This is my first year for book blogging and engaging with the book world on Instagram (#bookstagram) and holy new releases, Batman! I honestly never knew when I started seven short months ago just how many amazing new releases I would long to read this year.
Anyway, I have read around 85 books this year and just under half of them have been new releases (I also read quite a lot of back list books). These were my absolute favorites.
Updated January 6, 2020: The first book I read in the last few weeks of 2019 and thus, it was not included the first time I published this list. Still, I adored it and did not want to miss a chance to add it to my “Best of 2019: New Releases” list.
The Book Woman of Troublesome Creek by Kim Michele Richardson (Soucebooks Landmark, May 7): This historical fiction tells of Cussy Mary Carter, a strong woman, the “book woman.” Cussy is a “pack horse librarian” responsible for carrying books deep into the hills of 1930s Kentucky on her pack mule. She brings precious words, news, recipes, remedies and even medical information to the people in the Eastern Kentucky Mountains outside the little town of Troublesome Creek. Cussy is afflicted with a disorder that causes her skin to be blue which causes many to misunderstand and treat her differently. I loved every second of reading about this strong character and her trials and triumphs while bringing the written word to those who have so little.
The Lost Man by Jane Harper (Flatiron, Feb 5): I fell in love with Harper’s debut novel, The Dry, and I raced to get my hands on this one, downloading it the day it came out. The audio versions of Jane Harper’s novels are so special given the Australia setting and the talented narrator (with Aussie accent), and this one was no exception. My review.
When You Read This by Mary Adkins (Harper, Feb 5): I adore quirky, snarky books and they are really hard to find, so I was thrilled to find this one. It’s a bit of a dark comedy that is tons of fun without being devoid of meaning or underlying themes. My review.
This Much Country by Kristin Knight Pace (Grand Central, March 5): I think there is a theme on this list and that is that I love a book with a strong sense of place or where the setting is almost a character. This memoir is an incredibly atmospheric Alaskan story that Pace tells (I listened and she reads it herself) about her life and especially her experiences as a dog sled musher. My review.
I Miss You When I Blink by Mary Laura Philpott (Atria, Feb 2): I loved this collection of essays that honestly made me feel like I was not alone for feeling not completey fulfilled and happy even though it appears I “have it all.” From marriage to work to kids, Philpott successfully gives a voice to so many people who, I think, feel this way but don’t know how to articulate it. My review.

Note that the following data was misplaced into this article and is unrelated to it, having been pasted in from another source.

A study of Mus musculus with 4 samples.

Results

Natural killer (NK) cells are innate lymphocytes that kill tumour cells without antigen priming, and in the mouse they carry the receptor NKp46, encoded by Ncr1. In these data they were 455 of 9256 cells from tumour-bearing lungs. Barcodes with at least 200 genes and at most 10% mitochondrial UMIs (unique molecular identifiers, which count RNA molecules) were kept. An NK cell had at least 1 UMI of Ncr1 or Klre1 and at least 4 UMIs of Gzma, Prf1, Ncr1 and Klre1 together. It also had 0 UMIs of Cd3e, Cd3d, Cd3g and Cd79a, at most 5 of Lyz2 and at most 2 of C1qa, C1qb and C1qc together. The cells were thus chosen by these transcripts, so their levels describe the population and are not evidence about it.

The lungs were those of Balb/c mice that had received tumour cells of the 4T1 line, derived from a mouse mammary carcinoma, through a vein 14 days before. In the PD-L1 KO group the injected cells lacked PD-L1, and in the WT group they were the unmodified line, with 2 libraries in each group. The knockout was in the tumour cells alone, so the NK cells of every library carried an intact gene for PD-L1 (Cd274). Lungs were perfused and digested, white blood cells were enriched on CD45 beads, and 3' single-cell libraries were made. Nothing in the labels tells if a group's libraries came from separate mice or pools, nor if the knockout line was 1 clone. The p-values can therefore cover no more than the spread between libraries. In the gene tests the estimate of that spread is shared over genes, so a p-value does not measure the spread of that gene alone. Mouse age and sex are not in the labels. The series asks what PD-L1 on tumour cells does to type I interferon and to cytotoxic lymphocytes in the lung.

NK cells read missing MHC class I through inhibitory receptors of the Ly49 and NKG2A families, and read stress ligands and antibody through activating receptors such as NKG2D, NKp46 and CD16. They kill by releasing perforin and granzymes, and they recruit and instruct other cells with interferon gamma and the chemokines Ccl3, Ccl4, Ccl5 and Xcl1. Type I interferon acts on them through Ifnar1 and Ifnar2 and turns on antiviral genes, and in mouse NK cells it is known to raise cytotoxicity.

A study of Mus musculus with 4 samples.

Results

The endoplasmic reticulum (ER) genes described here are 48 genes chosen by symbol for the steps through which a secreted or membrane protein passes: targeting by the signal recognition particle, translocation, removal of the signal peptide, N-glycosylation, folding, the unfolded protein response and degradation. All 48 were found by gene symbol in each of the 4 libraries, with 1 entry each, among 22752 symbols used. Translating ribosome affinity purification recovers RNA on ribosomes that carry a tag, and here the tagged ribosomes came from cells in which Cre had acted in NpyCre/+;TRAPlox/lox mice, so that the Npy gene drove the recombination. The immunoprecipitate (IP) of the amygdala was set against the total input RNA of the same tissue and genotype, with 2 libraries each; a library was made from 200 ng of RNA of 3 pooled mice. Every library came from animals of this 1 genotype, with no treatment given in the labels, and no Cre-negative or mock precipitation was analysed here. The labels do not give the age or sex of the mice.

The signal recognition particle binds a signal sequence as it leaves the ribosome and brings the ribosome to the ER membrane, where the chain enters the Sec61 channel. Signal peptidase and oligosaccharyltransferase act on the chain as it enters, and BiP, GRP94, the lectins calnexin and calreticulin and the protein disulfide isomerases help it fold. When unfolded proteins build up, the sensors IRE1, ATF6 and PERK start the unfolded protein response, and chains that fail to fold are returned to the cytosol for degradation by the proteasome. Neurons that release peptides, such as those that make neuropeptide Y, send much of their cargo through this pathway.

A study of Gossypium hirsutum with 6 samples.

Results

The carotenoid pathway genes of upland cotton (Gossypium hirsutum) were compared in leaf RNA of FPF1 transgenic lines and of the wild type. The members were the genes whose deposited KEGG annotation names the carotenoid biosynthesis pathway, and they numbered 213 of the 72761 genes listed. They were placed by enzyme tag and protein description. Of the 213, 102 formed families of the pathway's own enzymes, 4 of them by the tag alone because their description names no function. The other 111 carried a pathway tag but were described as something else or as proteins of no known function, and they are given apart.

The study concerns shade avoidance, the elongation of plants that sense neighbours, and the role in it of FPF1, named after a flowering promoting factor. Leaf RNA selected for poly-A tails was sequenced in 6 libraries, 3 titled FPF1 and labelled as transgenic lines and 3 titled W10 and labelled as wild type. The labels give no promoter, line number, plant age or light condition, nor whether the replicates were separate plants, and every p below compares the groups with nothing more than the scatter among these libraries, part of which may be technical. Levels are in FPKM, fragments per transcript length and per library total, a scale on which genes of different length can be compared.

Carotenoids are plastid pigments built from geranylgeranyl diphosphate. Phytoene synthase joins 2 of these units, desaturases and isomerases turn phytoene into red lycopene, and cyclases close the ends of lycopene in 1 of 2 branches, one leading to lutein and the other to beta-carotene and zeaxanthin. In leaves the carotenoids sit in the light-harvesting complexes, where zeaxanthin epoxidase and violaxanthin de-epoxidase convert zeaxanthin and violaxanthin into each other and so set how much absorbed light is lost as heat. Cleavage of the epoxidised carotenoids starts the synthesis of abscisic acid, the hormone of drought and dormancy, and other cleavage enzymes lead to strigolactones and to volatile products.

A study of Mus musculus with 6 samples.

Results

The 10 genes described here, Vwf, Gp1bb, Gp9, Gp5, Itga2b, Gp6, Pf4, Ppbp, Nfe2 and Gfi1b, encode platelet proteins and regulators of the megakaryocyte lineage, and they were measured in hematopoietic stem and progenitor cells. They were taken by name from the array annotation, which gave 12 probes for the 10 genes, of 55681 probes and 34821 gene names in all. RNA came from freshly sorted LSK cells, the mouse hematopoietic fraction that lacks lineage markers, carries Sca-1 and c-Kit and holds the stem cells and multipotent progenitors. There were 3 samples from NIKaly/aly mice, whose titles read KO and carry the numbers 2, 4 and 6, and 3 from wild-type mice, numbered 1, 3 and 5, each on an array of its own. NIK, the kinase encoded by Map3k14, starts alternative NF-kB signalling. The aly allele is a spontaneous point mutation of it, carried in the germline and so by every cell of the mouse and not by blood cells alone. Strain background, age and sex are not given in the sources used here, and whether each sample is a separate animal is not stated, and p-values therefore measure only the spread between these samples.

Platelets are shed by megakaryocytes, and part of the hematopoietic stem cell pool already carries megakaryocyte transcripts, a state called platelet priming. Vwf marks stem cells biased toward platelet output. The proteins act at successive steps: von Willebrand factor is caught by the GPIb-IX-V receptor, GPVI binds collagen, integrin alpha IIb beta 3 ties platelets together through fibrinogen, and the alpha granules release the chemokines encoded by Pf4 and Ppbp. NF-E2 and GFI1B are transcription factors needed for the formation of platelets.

Daisy Jones and the Six by Taylor Jenkins Reid (Ballantine, March 5): This one was EVERYWHERE this year. After hearing about it constantly for several months, I finally decided to take a look and see what all the fuss was about. I have almost never read a majorly hyped book and liked it so this one completely blew me away. My review. (Goodreads Choice Awards Winner for Best Historical Fiction of 2019.)
After the Flood by Kassandra Montag (William Morrow, Sept 3): I loved this debut dystopian novel with amazing messages about the lengths we go to for our children. It’s the story of a really awesome, strong woman, who is navigating flood waters (its set in a future where the world is flooded) with her young daughter and fighting to find her older daughter who was taken away from her years before. This one checked both boxes of being compelling while also having some underlying messages and themes that made me think. My review.
Save Me the Plums by Ruth Reichl (Random House, April 2) This was my first Reichl book, but it will not be my last. She tells of her time at the helm of the iconic food magazine, Gourmet. Hired to revive and update it during a difficult time for magazines in general, I adored this one from its recipes all the way down to its descriptions of the magazine business. I was especially moved by her account of being in New York on 9-11 and taking food to the police, fire fighters and other first responders at Ground Zero on that fateful day. My review.
The Silent Patient by Alex Michaelides (Celadon, Feb 5): Many book lover friends loved this one, and given that it also won the Mystery & Thriller category of the Goodreads Choice Awards for 2019 I think it is safe to say this one is extremely popular. I originally only gave it four pizza slices (my rating system), but after thinking about it for several months after reading it, I decided it belonged on this list. I found it to be well-written with a completely unforeseeable and creepy twist. And isn’t that all we can ask for in a thriller?